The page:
Nearly two years after she was sentenced to life in prison for sexually assaulting a 4-year-old girl and sending nude images of the child to a stranger via the Internet, Elissa Schuster's hopes for a new trial were denied.
Lucas County Common Pleas Judge Ruth Ann Franks dismissed Schuster's post-conviction motion in a 30-page order filed last week.
The motion alleged that one of the jurors who eventually heard Schuster's case made a statement about her guilt prior to her conviction.
The judge's order is in response to a lengthy hearing that involved the testimony of the 22 jurors and potential jurors in Schuster's trial.
Judge Franks noted that none of those jurors called by prosecutors said they made or heard the alleged statement.
She further noted that Denise Lopez, a friend of Schuster's mother, "remained in the courtroom during the testimony of each of these witnesses and did not identify any juror as the person(s) who she attributed the statements which form the basis of [Schuster's] allegations."
Defense attorney Chuck Boss, who filed the motion in December, declined comment on the ruling, saying he hadn't spoken to his client yet. He said he expects her to appeal the decision.
Schuster received a mandatory life sentence Oct. 27, 2005, for rape and to two four-year sentences for pandering obscenity involving a minor and illegal use of a minor in nudity-oriented material convictions. The sentences are to run consecutively.
Schuster, who will be eligible for parole in 18 years, denied at sentencing that she assaulted the child.
Authorities said Schuster sent nude photos of the child via the Internet to a man in Tampa who she believed was a player with a National Football League team.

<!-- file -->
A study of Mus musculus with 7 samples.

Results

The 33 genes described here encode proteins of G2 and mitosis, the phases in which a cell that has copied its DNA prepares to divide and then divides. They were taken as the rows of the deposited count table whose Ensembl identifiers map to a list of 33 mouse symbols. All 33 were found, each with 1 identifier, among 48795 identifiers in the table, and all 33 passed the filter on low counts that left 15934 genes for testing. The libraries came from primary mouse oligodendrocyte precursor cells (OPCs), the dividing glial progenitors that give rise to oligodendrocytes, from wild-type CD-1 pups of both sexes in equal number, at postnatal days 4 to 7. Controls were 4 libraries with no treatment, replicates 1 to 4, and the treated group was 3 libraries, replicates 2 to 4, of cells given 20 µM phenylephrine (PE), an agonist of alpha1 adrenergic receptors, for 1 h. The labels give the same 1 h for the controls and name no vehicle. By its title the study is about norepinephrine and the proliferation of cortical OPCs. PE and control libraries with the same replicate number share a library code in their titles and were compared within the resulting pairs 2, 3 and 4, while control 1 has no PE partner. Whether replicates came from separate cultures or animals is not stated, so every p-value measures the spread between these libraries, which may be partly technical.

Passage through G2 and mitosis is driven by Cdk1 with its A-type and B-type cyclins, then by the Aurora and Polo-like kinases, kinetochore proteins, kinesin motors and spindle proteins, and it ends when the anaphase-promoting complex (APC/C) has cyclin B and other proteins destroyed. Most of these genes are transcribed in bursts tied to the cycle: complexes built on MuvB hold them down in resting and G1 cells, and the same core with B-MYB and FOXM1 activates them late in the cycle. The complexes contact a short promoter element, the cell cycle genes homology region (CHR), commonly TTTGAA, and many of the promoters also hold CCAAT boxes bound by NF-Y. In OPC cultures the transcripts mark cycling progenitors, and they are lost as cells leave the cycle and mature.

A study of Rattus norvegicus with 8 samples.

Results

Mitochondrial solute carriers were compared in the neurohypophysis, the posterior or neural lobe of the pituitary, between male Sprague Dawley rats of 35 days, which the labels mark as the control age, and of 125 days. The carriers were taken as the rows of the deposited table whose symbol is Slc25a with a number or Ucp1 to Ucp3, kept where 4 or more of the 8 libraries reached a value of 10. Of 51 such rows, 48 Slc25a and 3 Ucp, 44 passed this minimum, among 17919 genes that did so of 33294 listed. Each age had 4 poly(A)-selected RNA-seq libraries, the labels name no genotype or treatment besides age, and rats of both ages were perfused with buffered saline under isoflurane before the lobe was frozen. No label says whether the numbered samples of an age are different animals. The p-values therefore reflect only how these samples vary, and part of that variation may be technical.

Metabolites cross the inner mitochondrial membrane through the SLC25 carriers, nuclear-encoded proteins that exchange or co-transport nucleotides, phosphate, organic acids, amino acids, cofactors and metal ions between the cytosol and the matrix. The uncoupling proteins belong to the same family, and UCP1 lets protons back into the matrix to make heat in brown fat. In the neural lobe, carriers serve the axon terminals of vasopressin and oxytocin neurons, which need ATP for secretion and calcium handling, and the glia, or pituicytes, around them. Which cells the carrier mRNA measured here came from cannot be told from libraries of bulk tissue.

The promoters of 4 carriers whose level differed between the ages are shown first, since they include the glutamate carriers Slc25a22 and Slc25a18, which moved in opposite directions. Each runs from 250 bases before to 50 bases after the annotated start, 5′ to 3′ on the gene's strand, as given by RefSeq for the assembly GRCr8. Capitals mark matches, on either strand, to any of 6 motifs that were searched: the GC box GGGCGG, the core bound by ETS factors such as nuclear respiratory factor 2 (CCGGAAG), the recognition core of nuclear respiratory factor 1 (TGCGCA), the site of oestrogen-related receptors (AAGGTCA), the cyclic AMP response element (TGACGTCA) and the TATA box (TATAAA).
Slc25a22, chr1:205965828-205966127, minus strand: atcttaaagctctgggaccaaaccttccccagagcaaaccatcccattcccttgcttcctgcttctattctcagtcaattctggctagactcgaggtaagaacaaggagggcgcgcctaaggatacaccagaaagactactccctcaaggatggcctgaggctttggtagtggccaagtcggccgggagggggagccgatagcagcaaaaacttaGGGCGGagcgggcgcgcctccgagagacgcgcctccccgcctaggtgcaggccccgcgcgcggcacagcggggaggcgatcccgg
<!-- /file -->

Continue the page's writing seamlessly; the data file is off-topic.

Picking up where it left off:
She complied with his request to digitally penetrate the victim and send pictures in exchange for favors.
During the hearing, Ms. Lopez testified that she was sitting in the jury box while potential jurors were being interviewed and she heard a man ask, "Why is it taking so long when they already know she's guilty?"
Judge Frank's noted in her opinion that Ms. Lopez's testimony differed from her sworn affidavit, a discrepancy Assistant Prosecutor Dean Mandros pointed out during the hearing.
Mr. Mandros said he wasn't surprised by the judge's ruling. "It was clear from the testimony that what the defendant and her witnesses said are not credible," he said.
Schuster will return to Judge Frank's courtroom Sept. 13 on an unrelated matter.
Though losing her appeal asking for an overturning of the jury's conviction, the Ohio 6th District Court of Appeals remanded the case back to Common Pleas Court after determining the judge did not use language at sentencing pursuant to the Ohio Supreme Court's decision in State vs. Foster.
The Foster case struck down portions of the state's sentencing law, which was intended to provide guidance to judges in meting out punishment and give consistency in sentencing.